A federal appeals court in Boston has ruled that Harvard University and the Museum of Fine Arts don’t have to turn over thousands of antiquities to a group of US citizens seeking damages from Iran for a 1997 terrorist attack in Jerusalem.
The First US Circuit Court of Appeals said it was “mindful of the incident” that had sparked the victims’ litigation. But the court also said it could not rewrite the law. And it agreed with a lower court that the items didn’t have to be turned over.
In 2003, the plaintiffs, who alleged that Iran had provided material support to the militant group Hamas in the attack that injured them, won a default judgment against Iran in federal court in Washington, D.C., the court said.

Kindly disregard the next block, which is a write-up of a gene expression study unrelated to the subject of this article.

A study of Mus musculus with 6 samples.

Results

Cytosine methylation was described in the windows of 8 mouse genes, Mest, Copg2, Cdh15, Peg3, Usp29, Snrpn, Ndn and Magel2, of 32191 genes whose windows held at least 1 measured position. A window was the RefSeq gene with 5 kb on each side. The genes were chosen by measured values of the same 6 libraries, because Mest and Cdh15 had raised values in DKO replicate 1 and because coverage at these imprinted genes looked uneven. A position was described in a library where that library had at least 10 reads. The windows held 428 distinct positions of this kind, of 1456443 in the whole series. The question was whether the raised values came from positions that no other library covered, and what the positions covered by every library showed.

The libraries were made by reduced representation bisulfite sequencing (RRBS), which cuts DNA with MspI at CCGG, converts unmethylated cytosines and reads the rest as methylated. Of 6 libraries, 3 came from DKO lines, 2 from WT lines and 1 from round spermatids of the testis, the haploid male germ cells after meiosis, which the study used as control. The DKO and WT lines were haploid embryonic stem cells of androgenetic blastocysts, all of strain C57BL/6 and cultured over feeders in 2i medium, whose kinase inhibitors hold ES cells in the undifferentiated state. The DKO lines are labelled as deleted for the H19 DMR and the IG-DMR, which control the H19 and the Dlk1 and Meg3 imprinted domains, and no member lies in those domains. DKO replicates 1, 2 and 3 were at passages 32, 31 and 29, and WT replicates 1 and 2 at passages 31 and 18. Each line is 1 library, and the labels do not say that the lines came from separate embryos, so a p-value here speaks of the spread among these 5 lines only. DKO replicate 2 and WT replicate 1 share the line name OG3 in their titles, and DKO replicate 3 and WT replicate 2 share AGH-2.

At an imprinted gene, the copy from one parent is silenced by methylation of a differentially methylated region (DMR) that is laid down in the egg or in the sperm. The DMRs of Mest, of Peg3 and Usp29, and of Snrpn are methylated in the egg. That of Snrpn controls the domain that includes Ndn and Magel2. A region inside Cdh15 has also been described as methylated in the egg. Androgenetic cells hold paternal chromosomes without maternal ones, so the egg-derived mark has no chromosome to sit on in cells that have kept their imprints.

The plaintiffs then came to federal court in Massachusetts seeking approximately 500 objects in Harvard’s possession and about 1,485 objects held by the MFA. The objects came from in or near the current area occupied by Iran and included stone reliefs, sculptures, and archeological specimens, the court said.
The opinion written by a three-judge panel of the court was lengthy and complex. But one key fact highlighted by the judges was that Iran had never tried to claim the artifacts held by the institutions. And the law that would allow seizure of the items essentially required for Iran to have tried to claim ownership.
“The pool of assets available to the plaintiffs does appear to be quite limited, which is certainly lamentable, but we cannot rewrite the statutory or regulatory text,” said the opinion in the case of Jenny Rubin et al v. Islamic Republic of Iran et al and Harvard University et al.